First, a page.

I told myself I’d never do it, and it’s a feature I personally never use. Some people agree with me, as evidenced by the second hit on Google for “code folding.” Still, lots of people like it, and so in an effort to make RSyntaxTextArea as robust as possible, I’ve begun exploring code folding:
Nothing is checked into Subversion yet, but I’ve taken the first baby step. Folding is done by a FoldParser interface implementation, so languages with differing ideas of what a “foldable region” is can be accommodated. A “CurlyFoldParser” implementation will be available by default, that simply identifies foldable regions by curly braces (seen above). This should be sufficient for the many languages out there with C-like syntax. I already have several ideas to allow for easy extensibility as well, as far as fold parsing is concerned.
The FoldParser for a text area is called after a short time of no edits, similar to other RSTA Parser implementations, such as the built-in TaskTagParser and the SpellChecker add-on. Folds are re-evaluated, and the fold indicator in the gutter is updated if necessary.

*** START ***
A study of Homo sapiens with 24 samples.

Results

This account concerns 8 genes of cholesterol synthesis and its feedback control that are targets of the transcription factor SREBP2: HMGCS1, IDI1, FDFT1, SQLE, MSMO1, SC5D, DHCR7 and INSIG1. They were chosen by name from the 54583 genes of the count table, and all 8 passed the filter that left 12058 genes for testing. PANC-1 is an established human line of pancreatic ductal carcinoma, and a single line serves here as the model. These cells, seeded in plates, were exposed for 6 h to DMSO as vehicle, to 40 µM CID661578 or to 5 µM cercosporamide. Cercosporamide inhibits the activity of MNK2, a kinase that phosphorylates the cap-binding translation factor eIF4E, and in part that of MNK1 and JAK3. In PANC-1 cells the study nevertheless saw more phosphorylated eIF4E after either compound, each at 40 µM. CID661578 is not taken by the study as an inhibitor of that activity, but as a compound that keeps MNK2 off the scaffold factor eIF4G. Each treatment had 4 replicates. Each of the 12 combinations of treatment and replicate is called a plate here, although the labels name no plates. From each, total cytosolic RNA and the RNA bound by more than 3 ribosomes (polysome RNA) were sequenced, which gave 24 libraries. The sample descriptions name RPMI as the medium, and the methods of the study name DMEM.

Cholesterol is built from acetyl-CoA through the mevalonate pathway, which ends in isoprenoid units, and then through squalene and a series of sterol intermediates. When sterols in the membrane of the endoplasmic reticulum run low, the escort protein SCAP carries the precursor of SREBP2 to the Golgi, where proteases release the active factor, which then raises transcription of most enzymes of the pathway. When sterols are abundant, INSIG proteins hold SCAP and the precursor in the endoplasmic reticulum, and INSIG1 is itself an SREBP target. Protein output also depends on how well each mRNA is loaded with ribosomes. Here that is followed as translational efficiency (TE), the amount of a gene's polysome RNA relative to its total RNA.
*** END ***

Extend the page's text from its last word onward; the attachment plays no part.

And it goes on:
Of course, there are all kinds of crazy edge cases you never think about until you start implementing something – two or more folds starting on the same line, one fold starting on a line in which another ends, etc. I’m looking into how other editors handle such cases, and you’d be surprised how sometimes they aren’t as well-behaved as you’d expect (which is good for me, as I can copy their behavior and say things like “Well, Eclipse behaves like that!”).
In any case, this means that I’ll need folks willing to beta-test this feature before it’s included in an “official” RSTA release. If you’re a user of RSyntaxTextArea and are ga-ga about code folding, please let me know and we’ll work together to make sure this feature is as bullet-proof as possible!